For nearly 700 years Ronda was an Islamic city, and during this time is believed to have had 7 or 8 mosques, none of which exist today, except for the Minaret of San Sebastian which was converted into a bell tower after the adjacent mosque was reconsecrated a Christian church. It was here in 1485 that Ferdinand II is believed to have ordered a mass to offer thanks for the capture of Ronda.
The mosque wasn’t particularly large, but being the closest to the central mosque frequented by the city’s rulers and elite families, the mosque in Plaza Abul Beka probably served as the main mosque for merchants and middle ranking families of the city.
Originally the mosque minaret was built from locally quarried stone slabs, this is the bottom level with the horse-shoe arch entrance leading to an office or storage room. From two side it appears the stonework is incomplete, as if the structure had been destroyed, and then rebuilt using brick. However, archeologists now believe that an event much less destructive may have been the cause – money.
It appears that the minaret couldn’t be completed in stone, and the original builders switched to brick for the top of the first level, and all of the second level upto the line of green glazed bricks between the second and third levels.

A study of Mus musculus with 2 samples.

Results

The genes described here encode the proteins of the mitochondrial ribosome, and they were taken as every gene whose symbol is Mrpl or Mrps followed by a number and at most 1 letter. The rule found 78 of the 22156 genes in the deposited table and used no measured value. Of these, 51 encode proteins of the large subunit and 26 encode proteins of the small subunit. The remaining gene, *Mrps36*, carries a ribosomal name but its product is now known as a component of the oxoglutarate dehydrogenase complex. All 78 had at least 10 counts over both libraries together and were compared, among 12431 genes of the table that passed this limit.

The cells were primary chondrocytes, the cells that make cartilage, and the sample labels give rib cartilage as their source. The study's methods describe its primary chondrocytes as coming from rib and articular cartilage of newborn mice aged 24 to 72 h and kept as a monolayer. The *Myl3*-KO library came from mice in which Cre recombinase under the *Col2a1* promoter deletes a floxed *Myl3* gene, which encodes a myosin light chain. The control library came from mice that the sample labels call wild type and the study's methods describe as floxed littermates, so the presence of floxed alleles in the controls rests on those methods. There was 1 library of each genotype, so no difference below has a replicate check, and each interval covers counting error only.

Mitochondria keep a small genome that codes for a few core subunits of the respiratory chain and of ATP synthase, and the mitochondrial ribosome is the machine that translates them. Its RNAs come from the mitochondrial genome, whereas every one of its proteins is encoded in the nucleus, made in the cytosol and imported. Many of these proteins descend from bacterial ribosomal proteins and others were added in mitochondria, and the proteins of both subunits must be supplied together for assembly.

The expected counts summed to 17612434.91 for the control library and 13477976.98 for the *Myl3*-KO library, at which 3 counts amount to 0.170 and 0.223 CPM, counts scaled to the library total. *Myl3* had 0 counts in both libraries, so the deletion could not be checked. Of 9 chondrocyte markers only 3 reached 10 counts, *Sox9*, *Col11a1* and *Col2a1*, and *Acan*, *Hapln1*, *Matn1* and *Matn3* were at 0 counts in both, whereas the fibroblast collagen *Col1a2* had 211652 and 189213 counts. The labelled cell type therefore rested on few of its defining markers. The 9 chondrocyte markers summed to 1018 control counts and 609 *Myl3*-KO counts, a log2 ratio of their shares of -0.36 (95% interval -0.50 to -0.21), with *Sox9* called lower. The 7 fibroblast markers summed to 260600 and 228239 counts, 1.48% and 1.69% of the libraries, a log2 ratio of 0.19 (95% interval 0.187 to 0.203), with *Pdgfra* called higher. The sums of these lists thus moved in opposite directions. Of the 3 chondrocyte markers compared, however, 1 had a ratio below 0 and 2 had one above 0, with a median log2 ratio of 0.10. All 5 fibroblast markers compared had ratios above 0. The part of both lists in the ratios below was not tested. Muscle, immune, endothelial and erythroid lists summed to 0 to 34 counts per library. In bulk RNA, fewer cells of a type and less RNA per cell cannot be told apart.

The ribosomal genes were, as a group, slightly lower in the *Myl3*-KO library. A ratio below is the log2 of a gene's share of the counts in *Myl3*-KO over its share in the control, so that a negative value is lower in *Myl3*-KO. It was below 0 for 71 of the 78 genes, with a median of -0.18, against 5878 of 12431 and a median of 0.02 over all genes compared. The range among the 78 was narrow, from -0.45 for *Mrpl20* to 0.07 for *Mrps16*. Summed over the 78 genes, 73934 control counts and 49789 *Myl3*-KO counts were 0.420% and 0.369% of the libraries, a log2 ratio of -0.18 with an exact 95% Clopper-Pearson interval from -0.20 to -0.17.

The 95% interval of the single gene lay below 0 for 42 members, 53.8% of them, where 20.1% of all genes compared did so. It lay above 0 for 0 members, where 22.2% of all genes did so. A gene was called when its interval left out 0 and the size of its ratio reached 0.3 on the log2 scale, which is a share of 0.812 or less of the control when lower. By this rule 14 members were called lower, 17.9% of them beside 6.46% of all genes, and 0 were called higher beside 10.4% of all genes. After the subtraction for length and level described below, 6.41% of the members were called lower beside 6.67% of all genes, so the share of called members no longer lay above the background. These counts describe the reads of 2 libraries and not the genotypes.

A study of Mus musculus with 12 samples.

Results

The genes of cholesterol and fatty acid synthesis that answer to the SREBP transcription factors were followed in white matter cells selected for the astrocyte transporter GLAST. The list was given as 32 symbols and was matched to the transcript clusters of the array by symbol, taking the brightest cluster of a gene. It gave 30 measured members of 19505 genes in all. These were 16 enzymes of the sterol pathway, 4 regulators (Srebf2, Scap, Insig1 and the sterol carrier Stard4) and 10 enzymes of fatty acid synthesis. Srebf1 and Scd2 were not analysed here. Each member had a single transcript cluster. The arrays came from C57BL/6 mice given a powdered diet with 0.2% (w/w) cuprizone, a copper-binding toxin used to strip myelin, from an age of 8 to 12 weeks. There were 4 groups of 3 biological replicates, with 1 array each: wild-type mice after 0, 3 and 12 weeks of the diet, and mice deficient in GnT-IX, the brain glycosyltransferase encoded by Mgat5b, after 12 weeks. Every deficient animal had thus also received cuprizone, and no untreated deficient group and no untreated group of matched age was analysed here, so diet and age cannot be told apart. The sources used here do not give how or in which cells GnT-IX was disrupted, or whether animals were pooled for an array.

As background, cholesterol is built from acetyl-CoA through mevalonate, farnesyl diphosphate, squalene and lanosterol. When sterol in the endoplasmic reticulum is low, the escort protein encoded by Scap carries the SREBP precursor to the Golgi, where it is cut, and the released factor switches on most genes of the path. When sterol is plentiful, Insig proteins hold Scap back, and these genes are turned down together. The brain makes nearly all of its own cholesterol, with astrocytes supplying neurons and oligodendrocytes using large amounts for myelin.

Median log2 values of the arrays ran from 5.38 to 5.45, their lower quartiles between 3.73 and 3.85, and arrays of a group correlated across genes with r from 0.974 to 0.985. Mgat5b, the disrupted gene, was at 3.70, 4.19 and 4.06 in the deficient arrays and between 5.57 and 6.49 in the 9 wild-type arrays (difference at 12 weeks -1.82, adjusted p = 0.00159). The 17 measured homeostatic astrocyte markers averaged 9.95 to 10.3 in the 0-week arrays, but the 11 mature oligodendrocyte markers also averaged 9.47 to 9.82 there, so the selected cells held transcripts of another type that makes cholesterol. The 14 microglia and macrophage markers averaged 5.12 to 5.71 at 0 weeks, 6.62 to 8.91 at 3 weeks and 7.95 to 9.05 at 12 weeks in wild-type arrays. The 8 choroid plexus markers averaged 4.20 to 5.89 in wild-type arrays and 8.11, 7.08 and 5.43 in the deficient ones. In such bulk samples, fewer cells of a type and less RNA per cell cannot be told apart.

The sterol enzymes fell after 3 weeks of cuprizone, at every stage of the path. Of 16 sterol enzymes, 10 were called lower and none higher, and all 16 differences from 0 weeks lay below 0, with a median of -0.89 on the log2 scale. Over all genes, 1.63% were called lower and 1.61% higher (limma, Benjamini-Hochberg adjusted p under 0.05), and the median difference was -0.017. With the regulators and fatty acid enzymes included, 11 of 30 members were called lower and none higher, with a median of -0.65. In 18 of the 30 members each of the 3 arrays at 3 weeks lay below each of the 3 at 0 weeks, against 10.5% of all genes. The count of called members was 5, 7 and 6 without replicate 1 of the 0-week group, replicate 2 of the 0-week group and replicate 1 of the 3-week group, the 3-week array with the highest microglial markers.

We now believe the minaret was a two level structure with an open patio on the third level where the muezzin (Islamic priest) would call the faithful to prayer. It is possible that during the hot summer months a canopy or umbrella may have been erected, but certainly there is no evidence that the minaret ever had a built-in third level.
Of course to serve as a bell tower the third level would need to have a roof built with supporting beams to carry the weight of cast-iron bells. Fortunately the church elders weren’t insensitive to the original design, and the roof of the third level was built following mudejar principles.
Some historians have speculated the church tower may have been altered by Moriscos (Muslims who were forcibly converted to Christianity), and who would not want to destroy all remnants of their former city.
Coincidentally, the church was utterly destroyed in the 1600s during the Morisco uprisings that led to their expulsion to North Africa. It is possible the minaret was purposely left standing as a permanent reminder to Moriscos of all they had lost.
In 1931 the Minaret of San Sebastian was declared a national monument of historic importance.